Chowan University Graduate bound for Eastern Virginia Medical School to blend passion and career
MURFREESBORO, NC – Frederick Buechner stated, “Vocation is the place where our deep gladness meets the world's deep need.” However, it’s a rare person who can do what they love and call it their job. Most passions become hobbies, and those hobbies receive less and less attention as the hustle and bustle of life consumes each passing day. We become bogged down in necessities and ultimately lose what brings us joy while we focus on just getting by. Zulay Romero is determined that will not be her fate.
Zulay Romero, a native of New Bern, NC, and recent graduate of Chowan University in Murfreesboro, NC, decided to value her passions as more than a hobby while an undergraduate at Chowan University. Romero discovered a career path that will allow her to explore her passions daily and will attend Eastern Virginia Medical School (EVMS) in the fall to continue pursuing her dream.
“I have always loved art, but people told me that art would never help me financially. Other than my family, I didn’t have much support for my love of art. My family always taught me that it shouldn’t be about money, but about what makes you truly happy to be alive,” Romero shared.
As a senior in high school, Romero decided to attend college to study graphic design, although she wasn’t sure it was a perfect fit. From the age of twelve Romero knew two things: she wanted to work with children and she wanted to make art. However, she did not know of a field that would allow her to live both of her passions daily until she arrived at Chowan University. “Chowan helped me find my calling,” Romero said. When she toured the campus, she learned about art therapy. She researched the program, loved it, and made it her major. “The idea that I could use art to guide someone towards healing truly captured my heart,” shared Romero.
Romero toured Eastern Virginia Medical School during her junior year at Chowan. After the tour, she was not sure medical school was the right next step. “I was afraid it would lean more towards the clinical aspect and not the artistic, which is what I wanted,” said Romero. By the fall of her senior year, Romero was convinced graduate school was not for her.
Others, however, were not so convinced. An EVMS professor contacted Dr. Jennifer Place, Chair of the Psychology Department and one of Romero’s professors, to request student referrals. Dr. Place reached out to Romero, one of just a few students in the art therapy program. “I really felt that maybe it was a sign,” shared Romero. “So, I applied and later attended the interview day which entailed another tour. I saw the fully-stocked art studio for the first time and I fell completely in love with all 2,000 square feet of it. I believe God allowed for this second encounter. My view of the program and of the institution completely changed.”
During her time at Chowan, Romero was guided by many who now hold a special place in her heart. Christina Rupsch, Dean of the School of Fine and Applied Arts, played a crucial role in helping Romero prepare her portfolio. Rob Buller, Assistant Director of Art and Director of Green Hall Art Gallery, introduced Romero to her love for hand building with clay. In fact, Romero found hope and encouragement from faculty and staff all over campus, not just within her department. She even forged a personal relationship with Chowan University President Chris White and his wife, Linda, through her service as a presidential ambassador and participation in multiple study abroad trips led by the couple.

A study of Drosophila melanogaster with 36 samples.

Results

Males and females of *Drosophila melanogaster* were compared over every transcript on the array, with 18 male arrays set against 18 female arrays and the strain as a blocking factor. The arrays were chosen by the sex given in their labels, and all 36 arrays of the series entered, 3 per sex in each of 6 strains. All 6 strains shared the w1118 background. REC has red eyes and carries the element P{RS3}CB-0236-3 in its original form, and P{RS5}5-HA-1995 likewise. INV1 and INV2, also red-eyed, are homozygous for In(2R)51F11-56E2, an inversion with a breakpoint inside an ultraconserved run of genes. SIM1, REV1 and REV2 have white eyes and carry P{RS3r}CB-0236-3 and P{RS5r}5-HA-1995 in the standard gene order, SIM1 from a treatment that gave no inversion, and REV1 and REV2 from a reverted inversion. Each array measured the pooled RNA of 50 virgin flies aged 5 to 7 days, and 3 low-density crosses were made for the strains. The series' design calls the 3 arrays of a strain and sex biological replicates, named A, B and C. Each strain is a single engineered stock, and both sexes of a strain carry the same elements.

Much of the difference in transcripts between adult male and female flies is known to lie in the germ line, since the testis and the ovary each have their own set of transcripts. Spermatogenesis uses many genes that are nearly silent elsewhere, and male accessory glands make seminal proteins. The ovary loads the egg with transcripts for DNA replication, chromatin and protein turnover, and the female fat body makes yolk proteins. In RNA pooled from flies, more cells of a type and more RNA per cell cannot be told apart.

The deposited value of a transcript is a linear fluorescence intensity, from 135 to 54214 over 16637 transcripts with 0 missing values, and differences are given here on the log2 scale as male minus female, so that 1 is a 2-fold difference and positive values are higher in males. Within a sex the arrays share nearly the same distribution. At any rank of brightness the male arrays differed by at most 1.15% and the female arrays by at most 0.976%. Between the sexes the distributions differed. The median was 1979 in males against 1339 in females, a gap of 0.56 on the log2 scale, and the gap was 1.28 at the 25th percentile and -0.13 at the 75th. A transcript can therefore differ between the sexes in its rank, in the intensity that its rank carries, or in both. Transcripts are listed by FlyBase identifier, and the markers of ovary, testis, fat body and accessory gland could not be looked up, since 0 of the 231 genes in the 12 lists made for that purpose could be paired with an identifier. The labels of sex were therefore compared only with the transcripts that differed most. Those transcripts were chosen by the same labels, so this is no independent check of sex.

Additionally, Romero was a Chowan Christian Services Association (CCSA) Scholar. The program introduced her to Lou Ann Gilliam, Director of Church and Community Relations, who Romero says, has made a huge impact on her life. “She was the one who encouraged me to continue on with grad school because, at first, I wanted to take a break. She pushed me to continue so that I wouldn’t lose the rhythm of school. CCSA also opened doors to meet amazing donors whom I have been privileged to know.”
Romero says she would not be where she is today without the support of all the faculty and staff at Chowan. At commencement, she gave a speech comparing life to flying in an airplane. Romero described God as the pilot who uses other people as a landing strip and said the faculty and staff at Chowan were her landing strip. “Without them I never would have landed in the career field that I wanted, landed in the art medium that I grew to adore, landed in one of the most vigorous programs, and the list continues. I have no doubt that God strategically placed these amazing individuals in my life for a purpose,” she said.
Romero knows the program at EVMS will be difficult, but is eager to accept the challenge. She will engage in three semesters of internships working with children, teenagers, and adults to prepare her adequately for her practice after graduation. She also has the option to become a Registered Art Therapist and a Licensed Professional Counselor. “This is only a tiny portion of what the EVMS program will help accomplish. I chose this vigorous program because I truly believe that they will prepare me to be the person I am called to be and so much more,” stated Romero.
After graduate school, Romero will seek a job working with orphaned children or with military families. Ideally, she would like to work for a few years gaining experience and understanding to eventually build her own non-profit travelling practice. “I want to travel to different countries and work with underprivileged and/or orphaned children and use art as means to help guide them towards healing,” shared Romero.